The effects of a community-based partnership, Project Access Dallas (PAD), on emergency department utilization and costs among the uninsured

Texas Prevention Institute, School of Public Health, University of North Texas Health Science Center, Ft. Worth, TX 76107, USA.
Journal of Public Health (Impact Factor: 2.04). 05/2012; 34(4). DOI: 10.1093/pubmed/fds027
Source: PubMed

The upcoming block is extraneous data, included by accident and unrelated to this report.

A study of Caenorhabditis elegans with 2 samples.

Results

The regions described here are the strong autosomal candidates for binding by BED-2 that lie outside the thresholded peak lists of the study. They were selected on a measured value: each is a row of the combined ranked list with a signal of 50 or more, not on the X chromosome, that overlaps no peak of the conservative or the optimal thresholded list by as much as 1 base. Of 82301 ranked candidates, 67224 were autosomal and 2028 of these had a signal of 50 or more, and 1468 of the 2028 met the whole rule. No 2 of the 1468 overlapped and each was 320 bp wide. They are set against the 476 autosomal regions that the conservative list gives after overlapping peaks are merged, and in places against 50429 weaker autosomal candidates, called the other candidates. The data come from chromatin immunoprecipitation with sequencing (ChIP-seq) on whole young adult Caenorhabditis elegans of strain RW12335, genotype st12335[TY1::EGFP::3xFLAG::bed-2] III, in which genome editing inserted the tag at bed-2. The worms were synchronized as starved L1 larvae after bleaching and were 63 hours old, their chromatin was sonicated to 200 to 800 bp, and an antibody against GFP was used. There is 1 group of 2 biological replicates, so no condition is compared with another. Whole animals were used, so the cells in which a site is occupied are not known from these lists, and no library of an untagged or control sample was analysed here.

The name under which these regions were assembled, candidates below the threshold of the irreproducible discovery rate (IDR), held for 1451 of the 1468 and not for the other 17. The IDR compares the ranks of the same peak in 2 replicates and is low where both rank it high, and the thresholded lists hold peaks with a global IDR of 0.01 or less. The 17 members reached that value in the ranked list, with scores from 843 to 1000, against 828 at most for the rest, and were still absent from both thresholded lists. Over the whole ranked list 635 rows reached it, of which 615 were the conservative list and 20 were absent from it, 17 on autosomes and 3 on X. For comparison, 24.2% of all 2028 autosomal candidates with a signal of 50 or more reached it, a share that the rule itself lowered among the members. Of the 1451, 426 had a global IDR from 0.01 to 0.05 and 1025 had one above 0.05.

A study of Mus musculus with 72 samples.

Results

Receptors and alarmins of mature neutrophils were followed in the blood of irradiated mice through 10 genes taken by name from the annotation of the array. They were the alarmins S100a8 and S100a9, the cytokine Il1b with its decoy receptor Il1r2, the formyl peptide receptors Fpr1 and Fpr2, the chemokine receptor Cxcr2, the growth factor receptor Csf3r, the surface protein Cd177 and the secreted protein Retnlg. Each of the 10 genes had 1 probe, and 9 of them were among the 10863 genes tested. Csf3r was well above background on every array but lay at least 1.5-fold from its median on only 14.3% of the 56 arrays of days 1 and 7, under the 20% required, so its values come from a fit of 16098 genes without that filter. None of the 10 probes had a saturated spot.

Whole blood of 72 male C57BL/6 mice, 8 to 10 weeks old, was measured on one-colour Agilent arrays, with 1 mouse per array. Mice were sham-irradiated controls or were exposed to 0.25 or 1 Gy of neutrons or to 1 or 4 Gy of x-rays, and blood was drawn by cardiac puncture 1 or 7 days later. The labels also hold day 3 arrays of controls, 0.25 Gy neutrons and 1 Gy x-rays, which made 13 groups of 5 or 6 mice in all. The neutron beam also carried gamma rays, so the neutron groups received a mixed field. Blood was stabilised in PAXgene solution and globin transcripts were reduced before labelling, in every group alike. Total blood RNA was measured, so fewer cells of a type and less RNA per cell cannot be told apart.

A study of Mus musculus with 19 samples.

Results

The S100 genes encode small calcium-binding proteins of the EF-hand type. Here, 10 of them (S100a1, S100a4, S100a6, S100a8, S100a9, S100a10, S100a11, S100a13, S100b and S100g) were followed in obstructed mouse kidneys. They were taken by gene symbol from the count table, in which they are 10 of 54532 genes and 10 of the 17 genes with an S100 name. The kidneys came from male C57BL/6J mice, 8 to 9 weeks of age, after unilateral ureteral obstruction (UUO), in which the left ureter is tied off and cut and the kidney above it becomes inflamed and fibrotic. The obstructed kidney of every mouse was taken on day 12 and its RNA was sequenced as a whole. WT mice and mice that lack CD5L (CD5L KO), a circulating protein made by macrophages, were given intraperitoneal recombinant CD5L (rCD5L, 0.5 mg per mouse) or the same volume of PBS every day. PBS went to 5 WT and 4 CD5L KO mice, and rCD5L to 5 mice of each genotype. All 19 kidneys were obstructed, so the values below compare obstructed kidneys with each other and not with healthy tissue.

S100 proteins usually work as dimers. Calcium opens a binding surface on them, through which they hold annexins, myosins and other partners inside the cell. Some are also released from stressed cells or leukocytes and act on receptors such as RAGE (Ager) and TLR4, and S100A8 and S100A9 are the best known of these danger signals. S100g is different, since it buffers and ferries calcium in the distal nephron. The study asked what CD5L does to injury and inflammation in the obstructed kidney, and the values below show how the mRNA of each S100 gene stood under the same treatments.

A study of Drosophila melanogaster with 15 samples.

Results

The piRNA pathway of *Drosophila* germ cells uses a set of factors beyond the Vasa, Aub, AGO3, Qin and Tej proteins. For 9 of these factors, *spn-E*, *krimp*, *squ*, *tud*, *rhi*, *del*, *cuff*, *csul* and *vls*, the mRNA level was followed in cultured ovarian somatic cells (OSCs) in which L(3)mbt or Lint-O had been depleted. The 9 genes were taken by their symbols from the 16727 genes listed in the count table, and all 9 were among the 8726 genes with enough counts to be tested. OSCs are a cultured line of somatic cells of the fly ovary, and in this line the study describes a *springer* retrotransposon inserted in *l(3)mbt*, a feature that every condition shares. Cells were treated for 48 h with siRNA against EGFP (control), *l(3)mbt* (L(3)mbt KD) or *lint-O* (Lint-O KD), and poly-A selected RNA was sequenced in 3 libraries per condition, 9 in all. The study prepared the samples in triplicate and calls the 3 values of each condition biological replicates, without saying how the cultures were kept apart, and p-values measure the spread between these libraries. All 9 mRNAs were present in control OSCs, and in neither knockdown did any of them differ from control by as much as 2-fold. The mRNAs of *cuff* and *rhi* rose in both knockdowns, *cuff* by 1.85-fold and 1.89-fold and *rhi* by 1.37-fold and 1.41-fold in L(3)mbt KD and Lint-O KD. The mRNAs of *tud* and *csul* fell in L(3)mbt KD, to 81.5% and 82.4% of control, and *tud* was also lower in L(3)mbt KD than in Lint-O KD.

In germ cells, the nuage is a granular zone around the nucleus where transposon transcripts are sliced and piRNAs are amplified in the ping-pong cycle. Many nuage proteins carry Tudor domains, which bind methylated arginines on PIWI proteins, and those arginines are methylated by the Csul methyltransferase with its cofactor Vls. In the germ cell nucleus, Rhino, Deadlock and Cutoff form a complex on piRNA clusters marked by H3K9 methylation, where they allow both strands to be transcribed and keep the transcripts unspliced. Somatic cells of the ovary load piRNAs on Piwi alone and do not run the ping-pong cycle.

BACKGROUND: Approximately 19% of non-elderly adults are without health insurance. The uninsured frequently lack a source of primary care and are more likely to use the emergency department (ED) for routine care. Improving access to primary care for the uninsured is one strategy to reduce ED overutilization and related costs. METHODS: A comparison group quasi-experimental design was used to evaluate a broad-based community partnership that provided access to care for the uninsured-Project Access Dallas (PAD)-on ED utilization and related costs. Eligible uninsured patients seen in the ED were enrolled in PAD (n = 265) with similar patients not enrolled in PAD (n = 309) serving as controls. Study patients were aged 18-65 years, <200% of the federal poverty level and uninsured. Outcome measures include the number of ED visits, hospital days and direct and indirect costs. RESULTS: PAD program enrollees had significantly fewer ED visits (0.93 vs. 1.44; P < 0.01) and fewer inpatient hospital days (0.37 vs. 1.07; P < 0.05) than controls. Direct hospital costs were ∼60% less ($1188 vs. $446; P < 0.01) and indirect costs were 50% less ($313 vs. $692; P < 0.01). CONCLUSIONS: A broad-based community partnership program can significantly reduce ED utilization and related costs among the uninsured.